A Massachusetts man has appealed for the return of his wife's classic bike, which he sold by mistake at a yard sale, and which he belatedly learnt had huge sentimental value.
Allan Steinmetz told Boston25news.com that the bike, a yellow 1970s tourer from the French brand Motobecane, had been given to his wife on her 16th birthday more than 45 years ago by her father, a Holocaust survivor.
She planned to give it to their first grandchild.
"This bike is absolutely priceless to not only my wife but to her family, my children and she wanted to give this bike to our granddaughter one day, which I didn’t know," he said.
"It was important to my wife, I didn’t realize how… and that was the biggest mistake I’ve made this year so far," he added.
"He went out and bought the best bike money could buy and he wanted my wife to feel as special as he was."
Great to have been out with @KCFConservative tonight. They’ve listened to residents and are supporting a safer route for cyclists whilst protecting local trees and businesses #ToryCanvass pic.twitter.com/UcOGBtD8dp
— Fabio Conti (@fabio_conti88) 1 July 2019
This time a Kensington Conservative canvasser shows a leaflet declaring 'You spoke, we listened', despite doubts over how many residents actually wrote to the council asking for the cycle land plans to be abolished.
Zwift's talent program sees riders compete for prizes, with the top accolade being professional cycling contracts with Dimension Data's Continental team and Canyon/SRAM. For 2019 riders must complete a series of eight workouts and four races or social rides, with incentives offered for progression.
Over 35,000 took part in 2018, with that figure expected to swell to over 100,000 this year. Enrolment is open now, with the virtual events running from August 5th until September 29th. You can sign up here.
We're seeing a dangerous surge in cyclist deaths on our streets — and we're taking action.
I’ve directed the NYPD to immediately launch a major enforcement action that will encompass every precinct. They will crack down on dangerous driving behavior like parking in bike lanes.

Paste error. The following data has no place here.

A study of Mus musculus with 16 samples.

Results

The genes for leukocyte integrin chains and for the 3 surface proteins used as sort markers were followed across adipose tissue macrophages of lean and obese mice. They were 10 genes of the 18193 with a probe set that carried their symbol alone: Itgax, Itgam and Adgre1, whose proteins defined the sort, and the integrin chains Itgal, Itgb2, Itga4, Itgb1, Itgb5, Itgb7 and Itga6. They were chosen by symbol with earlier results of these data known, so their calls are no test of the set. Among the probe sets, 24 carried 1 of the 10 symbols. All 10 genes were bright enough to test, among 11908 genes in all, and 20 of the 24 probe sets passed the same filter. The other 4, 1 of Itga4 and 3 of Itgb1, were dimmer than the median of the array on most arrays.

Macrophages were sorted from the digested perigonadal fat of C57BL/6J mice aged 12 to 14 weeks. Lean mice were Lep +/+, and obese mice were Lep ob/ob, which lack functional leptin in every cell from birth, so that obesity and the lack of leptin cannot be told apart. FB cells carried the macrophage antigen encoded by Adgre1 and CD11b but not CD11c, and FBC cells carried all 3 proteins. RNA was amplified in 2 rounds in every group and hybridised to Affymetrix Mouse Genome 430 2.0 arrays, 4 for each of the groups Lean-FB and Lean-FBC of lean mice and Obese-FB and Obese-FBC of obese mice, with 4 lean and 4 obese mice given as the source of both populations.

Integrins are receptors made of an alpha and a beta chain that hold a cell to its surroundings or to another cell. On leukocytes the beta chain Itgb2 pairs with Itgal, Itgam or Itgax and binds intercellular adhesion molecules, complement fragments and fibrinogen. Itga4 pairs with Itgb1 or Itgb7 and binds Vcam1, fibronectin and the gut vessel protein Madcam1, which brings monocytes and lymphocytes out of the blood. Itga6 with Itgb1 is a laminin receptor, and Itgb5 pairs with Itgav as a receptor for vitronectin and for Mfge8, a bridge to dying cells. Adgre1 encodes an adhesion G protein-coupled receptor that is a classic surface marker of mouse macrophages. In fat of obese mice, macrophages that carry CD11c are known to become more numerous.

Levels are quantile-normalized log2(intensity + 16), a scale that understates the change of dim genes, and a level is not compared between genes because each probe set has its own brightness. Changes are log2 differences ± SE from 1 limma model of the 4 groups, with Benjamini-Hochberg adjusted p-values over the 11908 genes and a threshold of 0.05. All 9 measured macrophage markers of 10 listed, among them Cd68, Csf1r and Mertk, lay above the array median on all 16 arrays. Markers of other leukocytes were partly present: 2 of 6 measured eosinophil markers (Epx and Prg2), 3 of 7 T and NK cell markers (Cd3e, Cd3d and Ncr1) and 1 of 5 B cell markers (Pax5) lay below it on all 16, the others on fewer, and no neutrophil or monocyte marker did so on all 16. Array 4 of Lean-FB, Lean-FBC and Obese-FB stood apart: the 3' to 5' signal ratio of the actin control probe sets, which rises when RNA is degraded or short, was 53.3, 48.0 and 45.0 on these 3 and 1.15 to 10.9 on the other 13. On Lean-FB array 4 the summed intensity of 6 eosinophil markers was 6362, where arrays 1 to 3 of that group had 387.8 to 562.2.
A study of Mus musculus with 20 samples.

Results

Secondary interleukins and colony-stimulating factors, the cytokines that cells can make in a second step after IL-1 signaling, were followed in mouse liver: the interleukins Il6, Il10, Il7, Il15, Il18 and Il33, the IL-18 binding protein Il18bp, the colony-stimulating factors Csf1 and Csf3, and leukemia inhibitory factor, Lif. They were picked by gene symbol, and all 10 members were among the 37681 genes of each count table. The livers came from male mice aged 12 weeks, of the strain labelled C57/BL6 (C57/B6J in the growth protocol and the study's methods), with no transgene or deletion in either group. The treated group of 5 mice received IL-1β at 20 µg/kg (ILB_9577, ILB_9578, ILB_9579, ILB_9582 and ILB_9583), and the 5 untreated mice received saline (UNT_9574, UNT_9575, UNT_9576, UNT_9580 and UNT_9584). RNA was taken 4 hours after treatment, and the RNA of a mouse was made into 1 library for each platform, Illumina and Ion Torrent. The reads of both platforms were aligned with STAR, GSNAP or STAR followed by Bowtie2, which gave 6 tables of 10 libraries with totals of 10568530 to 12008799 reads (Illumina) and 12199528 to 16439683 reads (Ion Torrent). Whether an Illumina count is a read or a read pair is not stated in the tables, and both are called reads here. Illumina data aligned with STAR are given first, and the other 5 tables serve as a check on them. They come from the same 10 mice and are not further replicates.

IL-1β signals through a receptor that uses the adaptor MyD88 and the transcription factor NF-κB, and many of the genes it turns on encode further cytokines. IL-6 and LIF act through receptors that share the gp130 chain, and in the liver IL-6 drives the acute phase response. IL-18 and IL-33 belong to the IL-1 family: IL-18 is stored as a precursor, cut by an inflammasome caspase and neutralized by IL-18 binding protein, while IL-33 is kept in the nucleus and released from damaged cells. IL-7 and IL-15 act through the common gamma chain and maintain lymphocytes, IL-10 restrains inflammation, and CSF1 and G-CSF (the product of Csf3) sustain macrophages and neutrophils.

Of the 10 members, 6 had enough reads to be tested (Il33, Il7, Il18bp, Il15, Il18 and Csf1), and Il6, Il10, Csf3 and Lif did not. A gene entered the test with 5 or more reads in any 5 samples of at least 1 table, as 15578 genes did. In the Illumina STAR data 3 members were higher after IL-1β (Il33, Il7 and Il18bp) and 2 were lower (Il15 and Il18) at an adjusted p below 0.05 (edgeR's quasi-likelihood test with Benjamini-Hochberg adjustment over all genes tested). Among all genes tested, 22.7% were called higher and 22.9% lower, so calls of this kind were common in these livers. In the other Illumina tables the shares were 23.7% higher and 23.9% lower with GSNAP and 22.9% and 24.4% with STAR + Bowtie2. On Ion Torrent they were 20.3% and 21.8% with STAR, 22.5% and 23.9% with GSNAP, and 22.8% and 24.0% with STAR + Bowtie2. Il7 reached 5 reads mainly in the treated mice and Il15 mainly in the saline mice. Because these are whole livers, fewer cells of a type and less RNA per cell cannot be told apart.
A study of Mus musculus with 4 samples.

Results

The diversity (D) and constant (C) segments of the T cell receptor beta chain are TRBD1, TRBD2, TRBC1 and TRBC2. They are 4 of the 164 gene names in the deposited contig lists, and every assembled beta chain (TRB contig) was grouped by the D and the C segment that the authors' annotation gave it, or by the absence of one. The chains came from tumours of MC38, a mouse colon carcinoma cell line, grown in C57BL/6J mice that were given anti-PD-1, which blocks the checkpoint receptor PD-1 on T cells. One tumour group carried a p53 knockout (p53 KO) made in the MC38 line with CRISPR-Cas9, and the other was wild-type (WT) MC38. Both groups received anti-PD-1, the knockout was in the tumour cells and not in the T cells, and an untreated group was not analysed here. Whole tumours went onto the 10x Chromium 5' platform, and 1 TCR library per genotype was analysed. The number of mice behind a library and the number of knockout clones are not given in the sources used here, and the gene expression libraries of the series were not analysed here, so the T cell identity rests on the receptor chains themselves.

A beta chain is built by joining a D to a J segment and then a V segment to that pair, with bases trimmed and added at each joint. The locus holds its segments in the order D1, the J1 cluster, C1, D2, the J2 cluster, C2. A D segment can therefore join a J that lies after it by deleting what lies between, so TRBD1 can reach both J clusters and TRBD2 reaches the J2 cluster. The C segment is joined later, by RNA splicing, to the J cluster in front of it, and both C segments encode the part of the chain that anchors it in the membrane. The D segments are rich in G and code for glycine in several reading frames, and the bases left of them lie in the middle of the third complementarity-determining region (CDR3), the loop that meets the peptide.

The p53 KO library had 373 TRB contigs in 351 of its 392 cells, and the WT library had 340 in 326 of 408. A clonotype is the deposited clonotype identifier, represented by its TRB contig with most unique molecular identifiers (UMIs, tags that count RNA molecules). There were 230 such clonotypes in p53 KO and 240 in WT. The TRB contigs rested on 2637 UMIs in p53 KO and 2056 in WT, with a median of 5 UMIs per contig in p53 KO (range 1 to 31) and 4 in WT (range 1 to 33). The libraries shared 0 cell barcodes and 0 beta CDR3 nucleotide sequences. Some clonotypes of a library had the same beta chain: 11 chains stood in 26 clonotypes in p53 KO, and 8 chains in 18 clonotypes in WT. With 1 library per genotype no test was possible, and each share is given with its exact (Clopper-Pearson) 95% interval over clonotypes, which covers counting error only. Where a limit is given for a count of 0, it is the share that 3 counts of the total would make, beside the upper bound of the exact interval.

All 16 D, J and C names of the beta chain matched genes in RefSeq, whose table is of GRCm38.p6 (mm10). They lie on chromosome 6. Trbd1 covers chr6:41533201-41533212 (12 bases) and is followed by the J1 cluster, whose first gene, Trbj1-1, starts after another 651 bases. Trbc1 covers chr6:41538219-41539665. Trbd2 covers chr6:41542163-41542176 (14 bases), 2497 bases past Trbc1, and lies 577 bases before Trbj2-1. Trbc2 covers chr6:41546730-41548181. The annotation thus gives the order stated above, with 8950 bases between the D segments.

— Mayor Bill de Blasio (@NYCMayor) 2 July 2019
Mayor Bill De Blasio released a statement calling for a crackdown on dangerous drivers, following the death of 28-year-old Devra Freelander who was involved in a collision with a cement truck in the Brooklyn area of the city:
“We are seeing a dangerous surge in cyclist deaths on our streets, and we are taking action. I have directed the NYPD to immediately launch a major enforcement action that will encompass every precinct and crack down on dangerous driving behaviour like parking in bike lanes. At the same time, I have charged the Department of Transportation with developing a new cyclist safety plan to make biking in our city safer. No loss of life on our streets is acceptable. Last year was the safest year on record—and we have to keep pushing the envelope and increasing our efforts until we achieve Vision Zero.”
Freelander was the 14th cyclist to be killed in NYC this year, which is already double the 2018 death toll. Mayor de Blasio is often criticised for the city's attitude towards cycle safety, with locals reporting that the standard response from police is simply to ticket cyclists breaking minor traffic laws; and although this appears to be the most forceful statement yet that action will be taken to crack down on dangerous driving, it appears many New Yorkers aren't convinced.
Weren't you warned that your Vision Zero wasn't working? Now you're not on track to even meet your own goals of increasing cycling modal share.
You've also promised enforcement on bus lanes and placard abuse; that isn't going well. You've lost our trust.https://t.co/eMScz472zw
— Samuel Santaella (@TransitNinja205) 2 July 2019
How many cyclists had to die before you noticed?
Fifteen, apparently. #zerovision
— j (@Icarurs) 2 July 2019
Arriving at road.cc in 2017 via 220 Triathlon Magazine, Jack dipped his toe in most jobs on the site and over at eBikeTips before being named the new editor of road.cc in 2020, much to his surprise. His cycling life began during his students days, when he cobbled together a few hundred quid off the back of a hard winter selling hats (long story) and bought his first road bike - a Trek 1.1 that was quickly relegated to winter steed, before it was sadly pinched a few years later. Creatively replacing it with a Trek 1.2, Jack mostly rides this bike around local cycle paths nowadays, but when he wants to get the racer out and be competitive his preferred events are time trials, sportives, triathlons and pogo sticking - the latter being another long story.